Shipping and freight rates have risen deliriously high in the last few years:
• Along the EU-China shipping route, transporting a 40-foot container by sea costs a whopping 547% higher than the seasonal average of the last 5 years.
• The contract rates between Asia and North America were 25-50% higher than the previous year.
• Similarly, shipping costs have increased by 350% between China and the UK.
But why is this happening? We’re diving into 6 factors affecting Freight and Shipping rates in 2022.
The most significant blow to shipping rates comes from China’s Covid-19 crisis.
Just as the world economy started picking up, China locked down its borders to deal with the second pandemic wave.
It was observed that shipment delays between China and US plus European ports have quadrupled since late March this year. That’s because China shut down Shanghai, the city with the world’s busiest container port.
Many truck drivers also struggled to reach China because of Covid-19 testing requirements and travel restrictions.
Unfortunately, as demand continued rising and supply stayed stagnant, freight prices skyrocketed.
Once lockdown restrictions eased out, the economy expanded, and demand exceeded supply.
While most cargo is shipped by sea, the air has since long been a quicker alternative. But air freighting operations came under pressure due to reduced passenger jet capacities and, as a result, reduced cargo capacities.
The market continued to remain demanding as consumers awaited deliveries. And shipping prices still needed to compensate for unprofitable periods. Ultimately, freight rates were increased to recoup the losses.
Perhaps the most notable political crisis is Russia’s invasion of Ukraine. Governments levied an embargo on Russia, leading to a rise in fuel costs since Russia is the world’s second-largest natural gas producer (nearly 17% of global supply in 2020).
Not just gas prices, the sinking of ships in the Black Sea (connected to the invasion) resulted in an insurance premium hike of 1-5% compared to 0.25% previously. It only further added to shipping rates.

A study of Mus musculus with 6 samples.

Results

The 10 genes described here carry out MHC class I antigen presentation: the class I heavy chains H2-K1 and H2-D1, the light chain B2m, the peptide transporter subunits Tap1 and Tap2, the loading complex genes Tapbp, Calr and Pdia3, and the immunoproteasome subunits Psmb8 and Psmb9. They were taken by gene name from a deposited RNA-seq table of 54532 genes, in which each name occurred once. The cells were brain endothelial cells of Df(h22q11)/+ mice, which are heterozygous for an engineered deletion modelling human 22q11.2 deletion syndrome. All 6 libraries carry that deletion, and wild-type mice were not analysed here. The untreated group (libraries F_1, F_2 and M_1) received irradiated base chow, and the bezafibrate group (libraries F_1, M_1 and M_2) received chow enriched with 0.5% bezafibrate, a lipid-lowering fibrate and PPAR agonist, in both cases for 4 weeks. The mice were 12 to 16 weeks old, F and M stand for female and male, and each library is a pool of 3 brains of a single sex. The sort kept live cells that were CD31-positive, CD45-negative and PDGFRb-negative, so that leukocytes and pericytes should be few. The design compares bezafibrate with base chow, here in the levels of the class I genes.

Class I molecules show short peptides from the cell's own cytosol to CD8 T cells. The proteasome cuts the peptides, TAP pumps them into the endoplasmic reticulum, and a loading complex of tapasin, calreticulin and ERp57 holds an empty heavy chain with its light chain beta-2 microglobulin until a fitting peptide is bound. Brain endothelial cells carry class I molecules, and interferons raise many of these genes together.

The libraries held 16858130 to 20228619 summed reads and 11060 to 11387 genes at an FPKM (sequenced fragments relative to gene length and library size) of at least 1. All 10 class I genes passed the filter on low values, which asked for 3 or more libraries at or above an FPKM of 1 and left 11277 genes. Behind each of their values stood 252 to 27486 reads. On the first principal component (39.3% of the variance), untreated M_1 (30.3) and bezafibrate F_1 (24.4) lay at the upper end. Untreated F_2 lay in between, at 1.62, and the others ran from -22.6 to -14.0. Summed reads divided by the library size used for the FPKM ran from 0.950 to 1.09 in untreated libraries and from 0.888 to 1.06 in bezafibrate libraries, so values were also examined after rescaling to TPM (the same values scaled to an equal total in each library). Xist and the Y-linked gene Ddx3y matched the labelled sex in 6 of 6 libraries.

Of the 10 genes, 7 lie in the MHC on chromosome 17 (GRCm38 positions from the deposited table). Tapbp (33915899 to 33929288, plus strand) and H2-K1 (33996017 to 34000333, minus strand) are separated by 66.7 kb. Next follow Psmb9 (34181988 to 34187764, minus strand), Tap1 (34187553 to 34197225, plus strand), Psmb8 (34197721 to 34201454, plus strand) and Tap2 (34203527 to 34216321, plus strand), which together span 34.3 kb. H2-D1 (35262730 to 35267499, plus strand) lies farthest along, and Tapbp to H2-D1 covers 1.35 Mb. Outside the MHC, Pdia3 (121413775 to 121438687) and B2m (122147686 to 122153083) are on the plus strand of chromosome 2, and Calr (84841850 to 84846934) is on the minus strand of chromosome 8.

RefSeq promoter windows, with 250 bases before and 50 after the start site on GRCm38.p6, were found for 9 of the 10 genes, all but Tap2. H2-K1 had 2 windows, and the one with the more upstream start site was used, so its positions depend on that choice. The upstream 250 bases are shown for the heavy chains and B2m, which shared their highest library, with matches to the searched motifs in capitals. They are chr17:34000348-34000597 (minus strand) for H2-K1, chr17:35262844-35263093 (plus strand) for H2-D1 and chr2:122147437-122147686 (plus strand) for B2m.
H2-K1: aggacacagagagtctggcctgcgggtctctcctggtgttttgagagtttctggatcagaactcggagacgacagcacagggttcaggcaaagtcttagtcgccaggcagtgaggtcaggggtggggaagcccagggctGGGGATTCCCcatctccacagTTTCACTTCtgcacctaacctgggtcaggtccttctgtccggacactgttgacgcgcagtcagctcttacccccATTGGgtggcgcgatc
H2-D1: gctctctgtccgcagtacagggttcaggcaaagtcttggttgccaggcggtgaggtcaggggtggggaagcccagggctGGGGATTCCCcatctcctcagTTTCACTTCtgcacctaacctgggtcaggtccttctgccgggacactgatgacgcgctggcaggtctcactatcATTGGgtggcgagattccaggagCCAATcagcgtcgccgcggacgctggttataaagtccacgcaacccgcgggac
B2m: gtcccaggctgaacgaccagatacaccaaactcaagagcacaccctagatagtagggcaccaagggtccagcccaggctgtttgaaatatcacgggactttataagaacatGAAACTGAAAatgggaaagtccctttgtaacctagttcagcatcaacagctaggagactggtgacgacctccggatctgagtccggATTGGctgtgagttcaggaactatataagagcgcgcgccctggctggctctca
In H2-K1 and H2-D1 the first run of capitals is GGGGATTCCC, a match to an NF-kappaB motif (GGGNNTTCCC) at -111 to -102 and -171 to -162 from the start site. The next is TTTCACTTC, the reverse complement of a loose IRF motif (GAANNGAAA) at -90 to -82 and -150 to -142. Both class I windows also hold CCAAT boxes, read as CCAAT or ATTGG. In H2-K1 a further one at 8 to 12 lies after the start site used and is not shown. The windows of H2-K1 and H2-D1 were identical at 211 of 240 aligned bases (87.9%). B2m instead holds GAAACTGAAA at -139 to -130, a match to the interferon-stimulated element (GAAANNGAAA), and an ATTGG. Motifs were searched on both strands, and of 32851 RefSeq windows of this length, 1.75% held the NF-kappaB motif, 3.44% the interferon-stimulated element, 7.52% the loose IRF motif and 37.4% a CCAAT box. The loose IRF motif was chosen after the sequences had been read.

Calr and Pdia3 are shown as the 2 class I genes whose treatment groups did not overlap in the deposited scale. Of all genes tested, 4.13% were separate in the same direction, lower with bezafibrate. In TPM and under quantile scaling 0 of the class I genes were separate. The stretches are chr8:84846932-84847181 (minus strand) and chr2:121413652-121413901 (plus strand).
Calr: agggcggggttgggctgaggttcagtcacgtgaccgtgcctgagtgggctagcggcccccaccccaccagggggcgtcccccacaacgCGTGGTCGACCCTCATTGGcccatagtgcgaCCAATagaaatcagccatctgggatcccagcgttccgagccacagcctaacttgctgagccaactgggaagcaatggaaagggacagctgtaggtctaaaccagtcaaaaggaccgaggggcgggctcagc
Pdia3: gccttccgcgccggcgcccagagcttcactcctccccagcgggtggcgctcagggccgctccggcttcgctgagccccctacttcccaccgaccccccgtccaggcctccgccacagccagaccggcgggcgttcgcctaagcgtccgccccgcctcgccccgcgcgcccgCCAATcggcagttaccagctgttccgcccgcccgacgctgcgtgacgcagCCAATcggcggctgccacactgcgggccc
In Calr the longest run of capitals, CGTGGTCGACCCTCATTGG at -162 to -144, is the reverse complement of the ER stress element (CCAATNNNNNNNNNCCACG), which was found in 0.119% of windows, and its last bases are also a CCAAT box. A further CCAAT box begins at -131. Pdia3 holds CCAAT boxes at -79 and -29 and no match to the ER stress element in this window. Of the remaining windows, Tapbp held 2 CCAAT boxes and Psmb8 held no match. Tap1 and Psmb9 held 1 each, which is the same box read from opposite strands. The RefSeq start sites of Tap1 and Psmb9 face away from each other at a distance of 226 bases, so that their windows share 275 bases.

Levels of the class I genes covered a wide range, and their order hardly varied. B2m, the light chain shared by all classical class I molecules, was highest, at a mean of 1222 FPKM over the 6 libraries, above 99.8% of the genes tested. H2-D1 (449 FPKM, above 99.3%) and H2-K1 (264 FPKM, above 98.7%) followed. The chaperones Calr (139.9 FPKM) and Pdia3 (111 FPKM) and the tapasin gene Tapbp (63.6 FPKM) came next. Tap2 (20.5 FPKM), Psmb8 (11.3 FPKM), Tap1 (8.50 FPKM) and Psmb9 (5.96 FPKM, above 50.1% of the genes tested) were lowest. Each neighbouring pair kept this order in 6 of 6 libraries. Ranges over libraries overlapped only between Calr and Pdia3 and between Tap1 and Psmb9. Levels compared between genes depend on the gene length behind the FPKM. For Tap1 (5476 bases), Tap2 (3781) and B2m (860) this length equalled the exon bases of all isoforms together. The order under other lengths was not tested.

At the start of 2022, diesel buyers paid 41% more on fuel than in December 2020. Oil prices and freight rates have a lead-lag relationship, so if oil prices increase, so does freight.
It begins with the freight carrier, the trucking company, cargo ship or airline. Freight forwarders must absorb higher fuel costs which are passed down to the shipper and ultimately to the end receiver.
In the last few years, oil prices have steadily risen. Increased production quotas from the OPEC regions have further boosted the cost of oil, complicating freight rates even more.
As of May this year, Windward reported that nearly 20% of container vessels were waiting outside congested ports worldwide.
Container congestion has increased shipping costs in the last two years. As demand increased, businesses ramped up output. But with a shortage of workers and trucks to transport finished goods to the port, containers were often left empty or remained behind until filled.
It further delayed deliveries from other ports, leaving containers in places they weren’t supposed to be at a given time. As a result of container shortages, freight prices sprang up.
The Ever Given-Suez Canal accident of 2021 also had a lasting impact as it delayed ships all over the world for months to come.
The pandemic forced workers to stay home or look for alternatives, and ill health only added to their woes.
The EU Mobility package, 2022, reduces the working time for drivers to an average of four weeks. But the shortage persists nonetheless. As a result, the industry will have to hire more workers to fill the gap, adding pressure to prices.
Another critical reason is an ageing workforce and difficulty finding younger workers.
Then, in some nations such as the US, unfriendly immigration laws restrict the global movement of workers. While in China, workers are under extensive quarantine and not allowed to work.
While the rates haven’t reached pre-pandemic levels yet, there’s hope. Freight rates have come down by nearly 20% since the start of 2022.
Transpacific freight rates have decreased this year after consumer demand cooled down due to inflation and recession fears in the US, combined with Covid19-related lockdowns in China. Ocean freight rates are also linked to the retail sector, and with demand falling in this industry, ocean spot rates have declined, too.
The shortage of containers in 2021 led to an oversupply this year. When demand started rising, and container capacity was held up for a long time, businesses ordered new containers at record levels. As demand fell and the market eased out, the oversupply of containers brought down their costs, ultimately contributing to lower freight rates.
However, the reasons behind this decrease are temporary. To determine if prices will continue falling, businesses must wait and see how geopolitical crises and the pandemic-induced lockdowns play out in the second half of 2022.
Returning to pre-pandemic shipping rates will require rapid infrastructure investment and digital technologies.